The cows at Homestead Dairy in Plymouth, Indiana, are blissfully unaware that every minute of every day they’re generating mountains of data for Luiz Brito, assistant professor of animal sciences. Sensors are everywhere on the commercial farm where the cows are videotaped day and night. Automated feeders record each calf’s milk intake and eating habits, while milking robots collect comprehensive production, activity and behavior data.

dairy cows on a milk production line

Brito, whose research goal is to improve the cows’ well-being and productive efficiency through genetic selection, needed to integrate this automatic flow of data with more than 70,000 genomic markers for each animal obtained from hair samples taken at birth. He also wanted to add in 10-plus years of historical data to increase his statistical power to ask increasingly detailed questions. And he wanted to be able to share this large and integrated data set so he could partner with colleagues in other disciplines.

To help him with these tasks, Brito called on Ag Data Services (ADS), a new team supporting researchers through the important steps between collecting data and applying it to discovery.

Aaron Walz
Aaron Walz

Catching up with data collection

“Across the college, there have been huge advances in the many technologies that we use to collect research data, but they’ve been outstripping our ability to store, organize and use it,” explains Aaron Walz, director of ADS.

ADS was established about a year ago as a partnership between Agriculture Research and Graduate Education and Agriculture Information Technology  (AgIT). ADS works with researchers in the College of Agriculture and their collaborators in the colleges of Science and Engineering, Purdue Polytechnic Institute and other universities.

ADS is a distinct team within AgIT and unique in the variety of disciplines it pulls together, Walz says. Team members bring skills in data science, statistics, data management, programming and databases, data visualization and storytelling, and geographic information systems (GIS). They share one purpose, however, Walz adds: “Ag data is our full-time job.”

Never-ending plant data

corn plant in a greenhouseWhere researchers once traveled to measure and assess their research plots by hand, that information today flows back to campus automatically from cameras and sensors on tractors, robots, drones, gantries, and other innovations that are driving a data-powered revolution in agriculture.

Walz cites, for example, high volumes of data streaming in from Purdue’s Ag Alumni Seed Controlled Environment Phenotyping Facility (AAPF), Indiana Corn and Soybean Innovation Center (ICSC), and the Agronomy Center for Research and Education (ACRE).

“We’re creating tons of data,” agrees Yang Yang, director of phenomics. “Big data” refers not just to the amount of data, but also to the many different types of it, he notes.

“We have wonderful facilities that collect and deliver the data pretty awesomely,” he says. “The better you’re doing your job in the front end, the more you need an efficient way to extract the information you need.”

Yang has worked with ADS to establish a data management system that strengthens researchers’ abilities to search, compare, mine, and model data. “I count on Aaron’s team to provide the IT infrastructure,” Yang says.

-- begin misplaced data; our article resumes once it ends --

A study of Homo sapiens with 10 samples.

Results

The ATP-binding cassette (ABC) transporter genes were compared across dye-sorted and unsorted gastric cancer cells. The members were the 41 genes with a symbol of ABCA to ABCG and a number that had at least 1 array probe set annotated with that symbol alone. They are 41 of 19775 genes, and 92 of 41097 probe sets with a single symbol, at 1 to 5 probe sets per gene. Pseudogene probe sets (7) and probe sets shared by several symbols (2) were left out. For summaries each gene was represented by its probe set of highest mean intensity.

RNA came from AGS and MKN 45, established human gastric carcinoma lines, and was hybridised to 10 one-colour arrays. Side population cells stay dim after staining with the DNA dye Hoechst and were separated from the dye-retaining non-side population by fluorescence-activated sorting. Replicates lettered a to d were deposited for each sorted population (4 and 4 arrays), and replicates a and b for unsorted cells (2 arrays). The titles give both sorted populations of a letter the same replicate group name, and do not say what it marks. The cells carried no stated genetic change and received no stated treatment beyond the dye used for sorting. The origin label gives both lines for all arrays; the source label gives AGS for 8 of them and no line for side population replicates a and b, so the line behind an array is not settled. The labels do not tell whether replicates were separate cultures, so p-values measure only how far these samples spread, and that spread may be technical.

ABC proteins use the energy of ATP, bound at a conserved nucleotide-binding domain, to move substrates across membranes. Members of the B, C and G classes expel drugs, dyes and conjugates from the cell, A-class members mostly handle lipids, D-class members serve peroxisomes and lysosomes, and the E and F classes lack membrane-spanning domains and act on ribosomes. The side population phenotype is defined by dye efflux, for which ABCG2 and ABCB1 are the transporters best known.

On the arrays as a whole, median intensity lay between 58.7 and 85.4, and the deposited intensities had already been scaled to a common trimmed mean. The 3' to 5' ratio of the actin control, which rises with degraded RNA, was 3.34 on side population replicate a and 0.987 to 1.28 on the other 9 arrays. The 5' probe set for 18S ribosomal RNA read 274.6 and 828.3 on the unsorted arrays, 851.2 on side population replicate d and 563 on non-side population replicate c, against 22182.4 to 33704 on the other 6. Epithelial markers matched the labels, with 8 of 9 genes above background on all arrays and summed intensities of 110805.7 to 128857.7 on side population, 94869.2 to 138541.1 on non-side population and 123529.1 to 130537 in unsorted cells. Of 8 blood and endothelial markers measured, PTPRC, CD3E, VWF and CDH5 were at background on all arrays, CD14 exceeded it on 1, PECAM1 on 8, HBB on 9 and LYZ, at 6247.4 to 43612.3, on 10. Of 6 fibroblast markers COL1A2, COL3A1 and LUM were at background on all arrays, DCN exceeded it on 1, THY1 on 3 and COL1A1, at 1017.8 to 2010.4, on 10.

He wants to make sure researchers using the AAPF and ICSC can leverage their data to benefit farming. The data that adds value for Yang and these plant science researchers are ultimately the ones that help them help growers reduce farm inputs while maintaining or enhancing output.

Back to basics

Although ADS deals with big data, it approaches each project the old-fashioned way – by first meeting with faculty members to learn about their research needs and goals. “We take a step back,” Walz says, “and ask about their research: what kinds of data they’re collecting, what they’re doing with it, and what challenges they have.’”

The faculty in turn ask questions: “What’s the best way to organize and store all this data given the many options and platforms available? How can I automate some of the manual steps in collecting and processing my data? How can I leverage advances in artificial intelligence and machine learning to gain insights from my data, or visualize data to share with stakeholders?”

 “We work with people who are designing and building sensors, and others who just want to be able to use them,” Walz adds. “We help them navigate the journey, no matter where they are.”

A lot of data comes from Purdue’s research farms and relatively small plots, challenging the researchers to scale it up. “One of the things people in ag talk about is making big data from small data,” Walz explains. “What we ultimately want to do is take the data we’re collecting in different places and different experiments and combine it to make a larger data set to draw broader conclusions.”

Along the way, ADS team members are also collecting best practices to solve common problems across the college using common tools.

Walz encourages College of Agriculture researchers to explore how his team can help with data pipelines, data stewardship, and data analytics. “When people, especially new faculty, are thinking about research data, we encourage them to reach out to ADS,” he says. “We can connect you with the resources you need.”